UN Chief Ban Ki-moon Deplores Divisive Politicians Who Build Walls
COLLEGE PARK, Md. ― United Nations Secretary-General Ban Ki-moon rebuked politicians who “divide people” on Friday, urging leaders to “build bridges” instead of “erecting walls and barriers.”
That sounded like a veiled swipe at Republican presidential nominee Donald Trump, who has repeatedly promised to build a wall along the U.S.-Mexico border.
“Let us build bridges of mutual understanding and mutual support, instead of erecting walls and barriers,” Ban said during a speech at the University of Maryland, College Park.
“By respecting diversity, you can have much more strength,” the U.N. chief said. “When you respect all the traditions, and their cultures and their languages … it can have a much more powerful force and energy.”
Ban’s remarks were a more subtle version of the Trump criticism that has come from Zeid Ra’ad al-Hussein, the U.N.’s human rights chief. Zeid first criticized the Republican nominee, among other right-wing politicians, last month in a statement condemning “populists, demagogues and political fantasists.”
That prompted a rebuke from Russia, a powerful U.N. player with a permanent position on the Security Council. The Russian representative to the U.N. called for Zeid to take back his comments about Trump and similar politicians in Europe, all of whom deny ties to Russia while praising its leader.
Ban, who has served two terms as secretary-general, will step down at the end of the year. The former South Korean foreign minister has presided over the U.N. during a tumultuous decade that saw a global recession, multiple uprisings and refugee crises in the Middle East and Africa.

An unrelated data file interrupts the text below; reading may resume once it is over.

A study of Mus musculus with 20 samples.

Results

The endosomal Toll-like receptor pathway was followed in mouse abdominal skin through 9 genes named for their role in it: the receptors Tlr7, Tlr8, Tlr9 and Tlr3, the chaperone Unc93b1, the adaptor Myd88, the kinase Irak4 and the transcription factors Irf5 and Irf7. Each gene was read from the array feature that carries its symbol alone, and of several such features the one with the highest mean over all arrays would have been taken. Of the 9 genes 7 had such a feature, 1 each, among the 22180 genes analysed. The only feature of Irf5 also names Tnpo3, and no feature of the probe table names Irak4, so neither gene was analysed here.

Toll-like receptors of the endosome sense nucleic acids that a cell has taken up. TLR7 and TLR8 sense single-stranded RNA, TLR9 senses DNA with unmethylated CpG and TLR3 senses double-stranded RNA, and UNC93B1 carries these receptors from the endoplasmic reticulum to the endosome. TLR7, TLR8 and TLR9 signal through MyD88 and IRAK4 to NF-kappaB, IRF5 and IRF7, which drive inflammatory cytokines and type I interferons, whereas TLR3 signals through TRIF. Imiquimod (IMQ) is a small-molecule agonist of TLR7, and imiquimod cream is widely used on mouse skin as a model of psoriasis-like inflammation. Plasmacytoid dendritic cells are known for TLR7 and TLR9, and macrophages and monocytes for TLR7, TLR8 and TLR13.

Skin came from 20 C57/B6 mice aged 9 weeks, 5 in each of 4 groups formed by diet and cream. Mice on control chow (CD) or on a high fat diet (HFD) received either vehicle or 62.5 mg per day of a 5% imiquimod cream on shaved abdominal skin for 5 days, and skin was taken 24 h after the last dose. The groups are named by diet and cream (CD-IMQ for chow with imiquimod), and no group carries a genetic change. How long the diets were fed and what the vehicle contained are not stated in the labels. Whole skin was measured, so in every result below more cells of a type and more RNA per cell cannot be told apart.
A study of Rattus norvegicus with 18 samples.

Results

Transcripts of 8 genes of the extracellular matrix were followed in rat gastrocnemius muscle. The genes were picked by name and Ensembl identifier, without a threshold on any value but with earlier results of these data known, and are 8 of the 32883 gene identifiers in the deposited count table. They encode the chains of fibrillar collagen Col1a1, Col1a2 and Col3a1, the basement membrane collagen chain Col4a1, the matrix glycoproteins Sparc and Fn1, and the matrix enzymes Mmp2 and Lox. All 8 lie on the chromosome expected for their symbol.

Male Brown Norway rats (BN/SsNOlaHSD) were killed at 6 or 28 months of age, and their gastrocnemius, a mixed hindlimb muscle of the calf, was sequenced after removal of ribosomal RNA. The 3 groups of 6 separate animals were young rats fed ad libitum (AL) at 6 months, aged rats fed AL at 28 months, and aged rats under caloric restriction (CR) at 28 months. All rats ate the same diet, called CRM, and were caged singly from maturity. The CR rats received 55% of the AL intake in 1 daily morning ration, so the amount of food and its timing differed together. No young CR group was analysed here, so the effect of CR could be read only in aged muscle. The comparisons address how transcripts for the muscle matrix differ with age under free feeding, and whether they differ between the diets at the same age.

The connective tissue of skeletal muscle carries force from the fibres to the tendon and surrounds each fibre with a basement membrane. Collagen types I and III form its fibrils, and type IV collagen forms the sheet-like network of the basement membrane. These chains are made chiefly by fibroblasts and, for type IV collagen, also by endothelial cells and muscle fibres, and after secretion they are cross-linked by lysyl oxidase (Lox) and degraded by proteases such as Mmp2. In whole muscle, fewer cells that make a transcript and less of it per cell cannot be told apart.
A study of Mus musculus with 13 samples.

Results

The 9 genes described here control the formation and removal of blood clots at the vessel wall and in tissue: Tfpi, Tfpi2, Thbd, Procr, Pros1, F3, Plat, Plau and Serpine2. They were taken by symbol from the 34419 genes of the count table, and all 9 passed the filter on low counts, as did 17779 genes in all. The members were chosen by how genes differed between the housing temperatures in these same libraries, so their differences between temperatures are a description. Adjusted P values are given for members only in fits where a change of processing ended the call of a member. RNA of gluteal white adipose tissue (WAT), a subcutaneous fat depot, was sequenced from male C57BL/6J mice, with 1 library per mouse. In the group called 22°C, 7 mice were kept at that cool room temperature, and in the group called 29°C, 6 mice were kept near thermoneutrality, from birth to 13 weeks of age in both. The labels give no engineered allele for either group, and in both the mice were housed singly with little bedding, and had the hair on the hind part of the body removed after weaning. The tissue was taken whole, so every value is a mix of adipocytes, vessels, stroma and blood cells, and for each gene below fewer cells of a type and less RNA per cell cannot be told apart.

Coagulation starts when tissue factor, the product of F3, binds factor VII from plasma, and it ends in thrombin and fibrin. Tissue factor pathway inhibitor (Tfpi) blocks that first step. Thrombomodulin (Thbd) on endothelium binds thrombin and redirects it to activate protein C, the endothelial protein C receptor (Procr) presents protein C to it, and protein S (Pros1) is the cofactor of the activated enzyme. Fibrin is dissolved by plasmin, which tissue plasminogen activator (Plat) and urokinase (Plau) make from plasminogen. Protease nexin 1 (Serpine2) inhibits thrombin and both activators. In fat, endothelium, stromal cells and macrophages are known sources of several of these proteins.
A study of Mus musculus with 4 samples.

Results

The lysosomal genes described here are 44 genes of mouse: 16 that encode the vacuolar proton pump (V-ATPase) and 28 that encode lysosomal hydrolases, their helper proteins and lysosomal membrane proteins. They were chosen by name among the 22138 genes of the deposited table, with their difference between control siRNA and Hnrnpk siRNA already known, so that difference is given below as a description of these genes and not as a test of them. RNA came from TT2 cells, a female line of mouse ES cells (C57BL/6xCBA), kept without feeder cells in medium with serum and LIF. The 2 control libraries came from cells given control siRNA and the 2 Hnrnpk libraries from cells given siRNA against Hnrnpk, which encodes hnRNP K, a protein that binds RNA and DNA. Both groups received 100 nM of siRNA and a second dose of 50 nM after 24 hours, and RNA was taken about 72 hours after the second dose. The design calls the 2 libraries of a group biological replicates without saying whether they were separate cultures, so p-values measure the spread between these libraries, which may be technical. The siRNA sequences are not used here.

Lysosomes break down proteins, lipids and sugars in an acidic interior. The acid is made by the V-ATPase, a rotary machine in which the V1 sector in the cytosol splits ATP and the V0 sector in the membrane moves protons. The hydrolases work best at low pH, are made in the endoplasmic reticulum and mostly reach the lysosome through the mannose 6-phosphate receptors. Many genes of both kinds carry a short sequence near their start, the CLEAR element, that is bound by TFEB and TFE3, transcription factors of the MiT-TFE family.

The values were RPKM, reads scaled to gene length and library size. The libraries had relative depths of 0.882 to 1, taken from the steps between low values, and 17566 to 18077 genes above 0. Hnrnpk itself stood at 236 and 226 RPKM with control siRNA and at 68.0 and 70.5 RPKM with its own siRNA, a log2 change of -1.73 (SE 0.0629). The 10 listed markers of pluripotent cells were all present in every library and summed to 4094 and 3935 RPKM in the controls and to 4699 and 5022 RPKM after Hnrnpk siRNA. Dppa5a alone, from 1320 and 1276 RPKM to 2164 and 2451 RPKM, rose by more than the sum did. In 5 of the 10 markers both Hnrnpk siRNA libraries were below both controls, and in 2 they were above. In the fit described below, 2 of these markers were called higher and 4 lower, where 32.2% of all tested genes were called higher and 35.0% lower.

During his tenure, Ban became known as a powerful advocate for more international action to fight poverty and climate change. But he also struggled to overcome a perception that he was a weak and aloof leader.
The U.N. General Assembly voted Thursday to approve former Portuguese Prime Minister António Guterres as his successor. Ban and others had urged the organization, ultimately without success, to select a woman to be secretary-general – the first in the U.N.’s 70-year history.
Ending the war in Syria, which has claimed about half a million lives and forced millions more out of their homes, will be a top priority for Guterres, who most recently served as the U.N. high commissioner for refugees.
Ban said Friday that no country alone could solve the problems posed by mass global migration. While he did not directly address Syria’s war, he said that nations need to step up their efforts to aid in the refugee crisis, which is majorly driven by the situation in Syria.
But the U.N.’s credibility in that country has plummeted because of controversies over the international organization’s distribution of aid. Critics say that U.N. agencies and other humanitarian groups have allowed the regime of Syrian President Bashar Assad to direct most outside help to regions under his control, leaving some of the neediest civilians in rebel-controlled areas without food and medicine. Businessmen close to Assad have won tens of millions of dollars in U.N. contracts, the Guardian revealed recently, and The New York Times found earlier this year that the U.N.’s World Health Organization had hired the wife of a top Assad official.
U.N. officials point out that they can only work with contractors approved by Assad’s government and note that they have directly criticized government obstructionism.